The Future Is Here: New Guidelines, Diagnostics and Approaches to Prostate Cancer

Waltzer Wayne Waltzer, MD
Chair, Department of Urology
Stony Brook University Cancer Center 

June is Men’s Health Awareness Month, which is the ideal time to get the word about the dramatic changes in the way prostate cancer is diagnosed and treated. Stony Brook urologist Dr. Wayne Waltzer explains these major medical advances and what they mean for you.

Who should get screened for prostate cancer?
With prostate cancer being the number one solid organ cancer in the country, it is important for all men to be vigilant. However, recently revised guidelines by the American Urological Association recommend that unless there is a family history or other risk factors present, only men between the ages of 55 and 69 should speak with their doctor about screening, which includes a digital rectal exam and a PSA blood test. This discussion should include benefits and harms of testing with patients proceeding based on their values and personal preferences. Routine PSA screening is not recommended in men over the age of 70 or with less than 10 to 15 year life expectancy. If PSA levels are elevated, cancer may be present. In the past, the next step would entail biopsy and, if positive for cancer, treatment. However, the problem with this approach is that there has been no way to tell if the cancer detected is aggressive, requiring similarly aggressive treatment, or slow growing, which may only involve active monitoring. A newly developed series of genetic tests now offers a more accurate and individualized approach in identifying and treating prostate cancer.

What are the new genetic screening tests?
Currently there are various blood tests in use. One is called the Prostate Health Index (PHI) and the other is called the 4K test. Both measure the variance of the PSA in the blood and are designed to reduce the number of unnecessary negative biopsies that detect only low-grade cancer. This means that not all men with elevated PSA levels will require a biopsy, with its potential for complications and side effects.

What if a biopsy is required?
There are also new tests available that help to further individualize the approach. If the biopsy is positive for cancer, two tests — the Polaris and the Genomic Prostate Score — help doctors distinguish between aggressive cancers that need treatment and those that are slow growing and may need only the “watch and wait” approach. These tests work by measuring a series of genomic patterns to reveal how the cancer cells are wired to behave. 

If the biopsy is negative but you still have elevated PSA levels, there is now a test called Confirm MDX that helps ensure that cancer cells were not missed during the biopsy. For example, the biopsy may have sampled tissue that was in an area where there were no cancer cells. This could give you a false negative. This new test looks for hyper methylation, which indicates the presence of individual prostate cancer tissue near the site of the biopsy. If no hyper methylation is detected, the biopsy is considered negative. If some is detected, additional testing will be needed. Another test, the PCA3 test is also available in case of negative biopsy. This gene-based urine test offers additional information on the probability of finding prostate cancer in the biopsy.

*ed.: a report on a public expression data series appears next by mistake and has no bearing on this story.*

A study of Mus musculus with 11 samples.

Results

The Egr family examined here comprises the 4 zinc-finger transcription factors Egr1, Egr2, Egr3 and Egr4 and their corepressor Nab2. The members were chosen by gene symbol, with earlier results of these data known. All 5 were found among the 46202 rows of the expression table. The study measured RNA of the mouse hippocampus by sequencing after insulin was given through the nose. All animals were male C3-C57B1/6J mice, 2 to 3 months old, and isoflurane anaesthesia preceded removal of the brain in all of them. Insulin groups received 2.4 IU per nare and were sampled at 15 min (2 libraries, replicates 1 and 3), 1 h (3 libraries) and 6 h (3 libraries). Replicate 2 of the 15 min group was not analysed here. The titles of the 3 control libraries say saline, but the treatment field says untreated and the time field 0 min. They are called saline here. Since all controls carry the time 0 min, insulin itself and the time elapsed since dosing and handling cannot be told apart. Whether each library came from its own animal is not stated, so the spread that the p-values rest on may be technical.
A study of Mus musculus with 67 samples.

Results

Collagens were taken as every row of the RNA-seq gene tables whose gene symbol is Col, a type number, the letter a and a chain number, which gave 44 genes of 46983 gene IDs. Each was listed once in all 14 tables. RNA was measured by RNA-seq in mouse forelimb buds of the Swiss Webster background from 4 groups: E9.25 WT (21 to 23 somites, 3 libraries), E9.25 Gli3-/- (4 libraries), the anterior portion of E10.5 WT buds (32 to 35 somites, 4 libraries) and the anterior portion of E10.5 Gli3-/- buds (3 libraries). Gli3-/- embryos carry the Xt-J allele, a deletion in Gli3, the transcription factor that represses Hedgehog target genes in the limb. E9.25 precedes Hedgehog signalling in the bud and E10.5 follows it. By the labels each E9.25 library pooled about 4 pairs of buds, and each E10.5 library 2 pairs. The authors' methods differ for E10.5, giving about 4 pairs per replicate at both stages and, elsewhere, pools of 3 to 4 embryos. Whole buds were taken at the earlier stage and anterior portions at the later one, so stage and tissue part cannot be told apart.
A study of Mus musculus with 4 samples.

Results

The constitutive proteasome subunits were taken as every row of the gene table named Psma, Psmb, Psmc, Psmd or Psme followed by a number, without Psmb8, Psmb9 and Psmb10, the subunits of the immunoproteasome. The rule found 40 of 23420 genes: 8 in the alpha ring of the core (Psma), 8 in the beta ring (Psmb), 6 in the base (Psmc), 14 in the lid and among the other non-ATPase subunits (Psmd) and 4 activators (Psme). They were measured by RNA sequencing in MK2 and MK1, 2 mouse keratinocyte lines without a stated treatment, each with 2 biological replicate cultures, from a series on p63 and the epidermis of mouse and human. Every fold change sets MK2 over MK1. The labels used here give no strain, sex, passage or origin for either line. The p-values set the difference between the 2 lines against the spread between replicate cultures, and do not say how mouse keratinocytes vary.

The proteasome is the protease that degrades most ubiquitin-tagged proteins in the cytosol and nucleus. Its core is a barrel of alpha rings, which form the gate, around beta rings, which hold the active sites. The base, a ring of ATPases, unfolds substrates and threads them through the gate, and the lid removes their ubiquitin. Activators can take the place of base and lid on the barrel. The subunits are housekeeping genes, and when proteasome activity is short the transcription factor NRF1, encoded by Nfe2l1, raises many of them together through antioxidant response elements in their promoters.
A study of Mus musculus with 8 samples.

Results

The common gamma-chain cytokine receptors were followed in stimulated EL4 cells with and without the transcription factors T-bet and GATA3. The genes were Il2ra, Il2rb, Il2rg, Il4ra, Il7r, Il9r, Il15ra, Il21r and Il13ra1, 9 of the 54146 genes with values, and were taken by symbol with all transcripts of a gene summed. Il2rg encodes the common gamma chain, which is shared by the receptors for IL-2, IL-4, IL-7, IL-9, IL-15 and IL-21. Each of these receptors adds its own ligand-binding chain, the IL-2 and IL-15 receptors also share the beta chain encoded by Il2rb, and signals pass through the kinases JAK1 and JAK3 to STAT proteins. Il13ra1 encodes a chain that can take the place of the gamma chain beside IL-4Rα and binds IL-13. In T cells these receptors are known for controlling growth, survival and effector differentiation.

In addition, if you have had prostate cancer surgery, there are genetic tests post-surgery that help determine whether additional treatment is needed based on the genetic composition of the cancer cells and the risks associated with it.

Is this the future of cancer diagnostics and treatment?
Absolutely — and not just for prostate cancer. These innovations are happening for almost every form of cancer, with more on the horizon. Gene analysis of tissue, the study of genetic markers, patterns, sequencing and abnormalities, is providing us with unprecedented information on who to treat and how to treat them. Not only is it helping us to find the most appropriate approach and treatment for people with cancer, but it also keeping many people with the less aggressive forms of the disease from undergoing the rigors of treatment unnecessarily. This is both a health issue and a quality of life issue. The fact that we can take such a highly individualized approach for very specific forms of cancer also means that we can look forward to better and more predictable outcomes.

Does Stony Brook offer all these genetic tests?
These tests are available at all top major medical centers across the U.S. like Stony Brook University Hospital. Through Stony Brook University Cancer Center, we are committed to remaining on the forefront of cancer research, diagnostics, treatment and innovation. We are leaders in cancer care, serving more than 3,000 newly diagnosed patients each year. We offer state-of-the-art treatment and procedures, including robotic-assisted, minimally invasive radical prostatectomy, sophisticated radiation therapies such as intensity-modulated radiation therapy (IMRT), immunotherapy, chemotherapy and cryotherapy for recurring prostate cancer.